The Rolls-Royce Wraith Eagle VIII is a tribute to the first non-stop transatlantic flight.
Rolls-Royce is getting ready to show the world its latest “Collection Car,” which will be unveiled at this year’s Concorso d’Eleganza Villa d’Este on the shores of Lake Como in Italy on 24-26 May.
The new car, the Wraith Eagle VIII, has been crafted by the Bespoke Collective at the House of Rolls-Royce. Just 50 will be made, commemorating the 100th anniversary of one of the most pivotal moments of the 20th century.
The car’s name comes from Captain John Alcock and Lieutenant Arthur Brown’s first non-stop transatlantic flight in June, 1919. The pair flew in a modified First World War Vickers Vimy bomber aircraft which was powered by Rolls-Royce Eagle VIII aviation engines.
“Wraith Eagle VIII is at once an object of desire; an homage to heroes and a protagonist to today’s visionaries,” said Torsten Müller-Ötvös, chief executive of Rolls-Royce Motor Cars. “This Rolls-Royce Collection demonstrates the extraordinary skill of our Bespoke Collective at the Home of Rolls-Royce in Goodwood, West Sussex.”
“Bespoke remains the jewel in the crown of the marque, creating luxury items that defy the trend of mass luxury manufacturers using ‘tick-box’ options to answer customer demand.”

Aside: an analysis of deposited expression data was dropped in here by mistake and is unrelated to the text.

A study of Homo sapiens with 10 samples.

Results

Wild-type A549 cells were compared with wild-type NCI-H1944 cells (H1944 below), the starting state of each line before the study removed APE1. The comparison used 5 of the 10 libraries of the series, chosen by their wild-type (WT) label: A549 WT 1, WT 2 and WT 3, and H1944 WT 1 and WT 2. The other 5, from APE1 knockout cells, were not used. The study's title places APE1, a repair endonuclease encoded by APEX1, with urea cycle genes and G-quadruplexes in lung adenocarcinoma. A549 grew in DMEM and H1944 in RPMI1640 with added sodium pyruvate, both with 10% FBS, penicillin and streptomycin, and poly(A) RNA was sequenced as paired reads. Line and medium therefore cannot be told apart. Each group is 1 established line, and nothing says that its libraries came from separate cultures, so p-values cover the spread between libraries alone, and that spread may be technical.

The Wraith Eagle VIII Collection Car is a tribute to Alcock and Brown’s flight, with a Gunmetal and Selby Grey two-tone finish, with black grille vanes reminiscent of the Rolls-Royce Eagle VIII engine cowling on the Vickers Vimy aircraft.
The theme is continued inside with Selby Grey and black leather, with brass accents. Brass speaker covers depict the estimated flight distance of 1,880 miles and “RR” monograms are embroidered in brass colored thread onto headrests.
In true Rolls-Royce fashion though, this isn’t just any old interior. The fascia represents, what the manufacturer calls “a modern-day abstract interpretation of the view the pair would have enjoyed,” with Smoked Eucalyptus wood that is vacuum metalized in gold before being inlaid with silver and copper, “to depict the rich detail seen in nighttime images of the Earth from above.” There’s also 1,183 starlight fibers in the headliner showing the celestial arrangement at the time of the flight in 1919.
Again, only 50 are being made, and we don’t know how much they’ll cost because if we asked Rolls-Royce, they’d probably tell us we can’t afford it. We might start a whip around in the office.